Transnet seeks to rent new lavish offices

Transnet owns the Carlton Centre building which it plans to vacate for renovations. /Muntu Vilakazi
Transnet owns the Carlton Centre building which it plans to vacate for renovations. /Muntu Vilakazi

Transnet executives have come under fire for their plans to ditch the Johannesburg CBD for the upmarket Waterfall precinct in Midrand.

The freight rail, state-owned company's headquarters are currently based at the Carlton Centre, a building the company owns.

On Friday during a meeting with the Transnet board and management at the Carlton Centre, MPs questioned why the company was seeking to move to rented office space.

"We heard yesterday that you own this building but you want to go lease another building because there is a problem of maintenance with this building," said ANC MP Nthabiseng Khanou during the visit at the centre by the standing committee on public accounts.

"Let us get a list of all the assets that Transnet owns, including this building, and actually check what is the maintenance value or how much are you going to spend to maintain this building instead of going to lease other property without properly looking at what you have and what you can do to maintain this to the value and the standard that you want it to be.

"If you can get that, liabilities of the company, the loans that you have said you have.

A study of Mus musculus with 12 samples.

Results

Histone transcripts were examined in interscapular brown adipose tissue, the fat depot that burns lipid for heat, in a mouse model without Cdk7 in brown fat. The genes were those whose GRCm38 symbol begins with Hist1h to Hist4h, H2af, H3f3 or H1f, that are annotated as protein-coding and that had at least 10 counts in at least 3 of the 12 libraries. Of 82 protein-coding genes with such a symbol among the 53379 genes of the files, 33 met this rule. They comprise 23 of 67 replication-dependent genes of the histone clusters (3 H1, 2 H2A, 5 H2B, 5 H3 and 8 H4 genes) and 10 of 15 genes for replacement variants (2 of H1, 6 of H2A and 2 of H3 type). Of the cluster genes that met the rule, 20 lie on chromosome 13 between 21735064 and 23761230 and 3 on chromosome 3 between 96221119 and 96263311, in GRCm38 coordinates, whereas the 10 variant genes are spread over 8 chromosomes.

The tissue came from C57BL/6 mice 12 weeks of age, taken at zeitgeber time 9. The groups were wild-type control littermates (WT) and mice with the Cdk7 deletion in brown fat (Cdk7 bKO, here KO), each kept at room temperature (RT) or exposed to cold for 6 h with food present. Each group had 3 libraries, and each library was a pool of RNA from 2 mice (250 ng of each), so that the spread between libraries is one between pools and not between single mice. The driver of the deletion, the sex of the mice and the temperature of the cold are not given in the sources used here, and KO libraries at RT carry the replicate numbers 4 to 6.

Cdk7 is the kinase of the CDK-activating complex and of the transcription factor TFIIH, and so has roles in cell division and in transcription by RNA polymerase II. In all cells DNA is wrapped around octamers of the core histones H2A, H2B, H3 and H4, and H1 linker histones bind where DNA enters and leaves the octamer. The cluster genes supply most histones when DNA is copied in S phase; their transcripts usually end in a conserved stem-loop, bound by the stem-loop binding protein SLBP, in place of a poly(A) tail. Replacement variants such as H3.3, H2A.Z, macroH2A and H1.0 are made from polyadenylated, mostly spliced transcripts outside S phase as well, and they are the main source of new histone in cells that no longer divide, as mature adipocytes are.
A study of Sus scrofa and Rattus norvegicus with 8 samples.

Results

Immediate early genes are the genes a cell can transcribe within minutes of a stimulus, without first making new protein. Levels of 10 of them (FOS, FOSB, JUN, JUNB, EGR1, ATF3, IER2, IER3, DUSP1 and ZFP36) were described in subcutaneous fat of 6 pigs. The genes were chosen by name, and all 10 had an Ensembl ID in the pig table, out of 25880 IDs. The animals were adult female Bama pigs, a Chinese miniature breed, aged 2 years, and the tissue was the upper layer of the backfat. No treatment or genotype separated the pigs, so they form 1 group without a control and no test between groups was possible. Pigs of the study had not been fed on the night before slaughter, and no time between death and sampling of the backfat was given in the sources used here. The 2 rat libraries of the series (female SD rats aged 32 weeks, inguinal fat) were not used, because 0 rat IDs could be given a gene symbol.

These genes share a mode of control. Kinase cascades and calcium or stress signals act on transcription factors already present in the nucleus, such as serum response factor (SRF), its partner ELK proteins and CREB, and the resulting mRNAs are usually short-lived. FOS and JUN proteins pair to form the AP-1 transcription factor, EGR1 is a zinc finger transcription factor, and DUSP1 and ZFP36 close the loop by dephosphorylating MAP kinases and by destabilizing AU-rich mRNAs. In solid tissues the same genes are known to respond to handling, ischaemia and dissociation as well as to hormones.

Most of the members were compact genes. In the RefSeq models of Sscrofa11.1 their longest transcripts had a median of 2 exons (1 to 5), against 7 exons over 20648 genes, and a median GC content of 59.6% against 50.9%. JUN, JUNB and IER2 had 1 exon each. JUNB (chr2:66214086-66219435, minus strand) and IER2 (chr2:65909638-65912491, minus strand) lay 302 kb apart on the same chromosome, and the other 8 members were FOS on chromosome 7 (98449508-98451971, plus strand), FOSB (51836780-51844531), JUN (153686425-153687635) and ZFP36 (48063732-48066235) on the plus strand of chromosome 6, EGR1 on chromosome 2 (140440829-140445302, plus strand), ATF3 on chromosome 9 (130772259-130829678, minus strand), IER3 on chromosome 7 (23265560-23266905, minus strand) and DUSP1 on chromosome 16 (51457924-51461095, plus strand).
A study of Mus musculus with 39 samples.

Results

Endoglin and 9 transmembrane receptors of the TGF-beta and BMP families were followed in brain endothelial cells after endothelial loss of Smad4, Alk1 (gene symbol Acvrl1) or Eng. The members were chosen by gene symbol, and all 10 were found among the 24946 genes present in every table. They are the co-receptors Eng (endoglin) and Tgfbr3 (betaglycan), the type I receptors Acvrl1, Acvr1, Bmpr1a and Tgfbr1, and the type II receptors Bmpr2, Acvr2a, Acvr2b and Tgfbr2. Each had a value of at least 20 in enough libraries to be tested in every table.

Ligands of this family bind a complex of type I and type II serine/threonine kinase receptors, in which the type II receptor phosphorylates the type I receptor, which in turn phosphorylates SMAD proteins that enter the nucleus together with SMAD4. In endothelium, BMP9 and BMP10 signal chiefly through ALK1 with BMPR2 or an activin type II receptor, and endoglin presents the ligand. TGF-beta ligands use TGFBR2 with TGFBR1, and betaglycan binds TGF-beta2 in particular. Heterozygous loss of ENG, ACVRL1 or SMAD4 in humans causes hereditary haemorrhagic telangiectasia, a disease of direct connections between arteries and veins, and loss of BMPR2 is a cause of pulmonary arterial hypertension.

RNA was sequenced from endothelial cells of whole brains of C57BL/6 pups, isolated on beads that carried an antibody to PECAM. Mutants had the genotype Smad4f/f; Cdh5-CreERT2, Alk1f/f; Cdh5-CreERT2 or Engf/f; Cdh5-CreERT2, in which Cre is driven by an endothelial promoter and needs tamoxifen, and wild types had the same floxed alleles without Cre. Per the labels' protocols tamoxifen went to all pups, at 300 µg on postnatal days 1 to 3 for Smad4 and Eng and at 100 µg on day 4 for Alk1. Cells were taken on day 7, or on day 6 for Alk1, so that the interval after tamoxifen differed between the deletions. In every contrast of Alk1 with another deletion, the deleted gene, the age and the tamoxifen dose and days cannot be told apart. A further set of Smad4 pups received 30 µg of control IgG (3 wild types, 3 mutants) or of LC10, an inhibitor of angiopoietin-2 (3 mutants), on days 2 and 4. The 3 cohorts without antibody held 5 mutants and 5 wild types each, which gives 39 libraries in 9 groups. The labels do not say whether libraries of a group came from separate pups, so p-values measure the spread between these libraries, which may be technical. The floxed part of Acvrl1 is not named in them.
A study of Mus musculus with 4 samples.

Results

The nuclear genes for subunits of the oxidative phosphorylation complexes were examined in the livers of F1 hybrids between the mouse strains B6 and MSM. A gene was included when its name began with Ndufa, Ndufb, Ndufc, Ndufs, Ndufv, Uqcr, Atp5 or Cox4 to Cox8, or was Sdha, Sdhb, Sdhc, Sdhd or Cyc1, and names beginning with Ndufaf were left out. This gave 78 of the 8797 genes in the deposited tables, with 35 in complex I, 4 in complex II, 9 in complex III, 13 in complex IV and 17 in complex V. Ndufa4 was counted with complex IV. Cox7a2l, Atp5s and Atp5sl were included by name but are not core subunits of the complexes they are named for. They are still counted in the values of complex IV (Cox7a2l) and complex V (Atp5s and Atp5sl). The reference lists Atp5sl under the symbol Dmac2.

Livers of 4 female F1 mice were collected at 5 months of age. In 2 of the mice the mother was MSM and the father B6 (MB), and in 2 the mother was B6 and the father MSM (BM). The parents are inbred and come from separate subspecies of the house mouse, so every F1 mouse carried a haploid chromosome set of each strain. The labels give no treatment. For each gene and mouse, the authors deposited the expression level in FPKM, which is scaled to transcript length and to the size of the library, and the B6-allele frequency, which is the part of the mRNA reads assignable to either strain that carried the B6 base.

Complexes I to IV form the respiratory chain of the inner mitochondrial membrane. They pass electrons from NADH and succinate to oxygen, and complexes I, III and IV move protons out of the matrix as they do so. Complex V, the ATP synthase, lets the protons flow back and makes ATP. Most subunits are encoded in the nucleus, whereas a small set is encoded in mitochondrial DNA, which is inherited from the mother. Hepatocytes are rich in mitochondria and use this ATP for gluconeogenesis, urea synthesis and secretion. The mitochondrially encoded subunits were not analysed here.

"That will help us with your contract management, the lenders and how much you are paying and interests thereof so that we can look into that and so that you can plan before the end of the term."

Transnet COO Mlamuli Buthelezi defended the decision to look for new office space. "The trigger here is that the Carlton Centre was opened in 1972," he said, adding that the air-conditioning systems and lifts were very old. "Maintenance has been done and these things now are beyond their lifespan. We have had people getting stuck in lifts here."

Buthelezi said Transnet would only vacate Carlton Centre for three years while renovations were carried out.

"It is purely based on health and safety and there are inspector reports that have said we can no longer keep people in the kind of lifts here where they get stuck. It is only a matter of time before something serious happens," he said.